Won't Back Down
Rated PG, 121 min. Directed by Daniel Barnz. Starring Maggie Gyllenhaal, Viola Davis, Oscar Isaac, Holly Hunter, Rosie Perez, Emily Alyn Lind, Lance Reddick, Dante Brown, Marianne Jean-Baptiste, Ving Rhames, Bill Nunn.
REVIEWED By Marjorie Baumgarten, Fri., Sept. 28, 2012
Although opinions about the proper remedies differ wildly, nearly everyone agrees that the public education system in America is broken and failing to meet the needs of the children it’s tasked with serving. So great are the needs and so vast are the problems that the debate must become a multifocused national priority. And if Won’t Back Down can help spur that discussion I wish the inspirational film all the best in the world. If its can-do spirit rubs off on the parents and teachers who view the film, it serves a public good as a galvanizing agent. However, Won’t Back Down, which is said to be based on a true incident, has an agenda to push: the privatization of the public school system, a process that involves performance-based accountability and the erosion of the teachers’ unions. The film argues for parents and teachers to eradicate underperforming public schools by taking them out of commission and creating charter schools in their place. And by telling a victorious story about two women’s charge to overturn a Pittsburgh public school in such a manner, Won’t Back Down advances the argument for solving the educational quagmire on a case-by-case basis and avoids addressing the national responsibility to provide a quality education to all the public’s children, not just the ones whose parents shout the loudest.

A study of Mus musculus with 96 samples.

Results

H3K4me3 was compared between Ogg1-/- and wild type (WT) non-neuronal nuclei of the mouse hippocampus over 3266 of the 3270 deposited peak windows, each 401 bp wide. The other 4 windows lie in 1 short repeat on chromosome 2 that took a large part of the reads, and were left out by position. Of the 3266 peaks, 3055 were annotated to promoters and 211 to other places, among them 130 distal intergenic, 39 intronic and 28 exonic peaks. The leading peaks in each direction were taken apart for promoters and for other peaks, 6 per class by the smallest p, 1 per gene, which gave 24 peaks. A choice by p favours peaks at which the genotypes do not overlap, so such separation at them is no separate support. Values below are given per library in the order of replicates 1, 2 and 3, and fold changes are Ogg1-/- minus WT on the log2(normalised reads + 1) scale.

Maggie Gyllenhaal plays the disgruntled mother, Jamie Fitzpatrick, the hardworking mother of a dyslexic child who is withering educationally and socially in the public school she attends since money ran out for her continued enrollment in private school. And Jamie is everything you want in an inspirational heroine: a spunky and grass-roots political virgin, who, like Norma Rae, gets swept up by her cause and becomes an unlikely rabble-rouser and figurehead. Her partner in stirring things up is Nona Alberts (Viola Davis), a once-honored teacher who has lately become a semi-lackadaisical cog in the system due to the nonpedagogical demands of her job and problems in her family life.
These two women start a movement that, one by one, enlists parents and teachers to evict the school’s current management and install their own. A process that generally takes years and miles of paperwork is condensed into an unrealistic two-month process of winning hearts, minds, and the permission of the board of education. The film jumps from scenes of doors being slammed in the women’s faces to a rally attended by 100 or more frustrated citizens. A romance Jamie conducts with one of the teachers is a distraction, even if it is PG-appropriate (and sidesteps how Jamie’s young daughter might feel when she sees Mommy kissing one of the teachers at her school). Likewise, Nona’s problems with her marriage and underperforming son lead to a melodramatic confession that seems out of place within the film’s overall mood of uplift. Furthermore, the film casts the teachers’ union in the role of the story’s villain, an option that’s far too simplistic and unfair.
The rescuing of our public schools is a national necessity. I just don’t know that we are aiding that cause by sending out oversimplified and dogmatic messages about not backing down.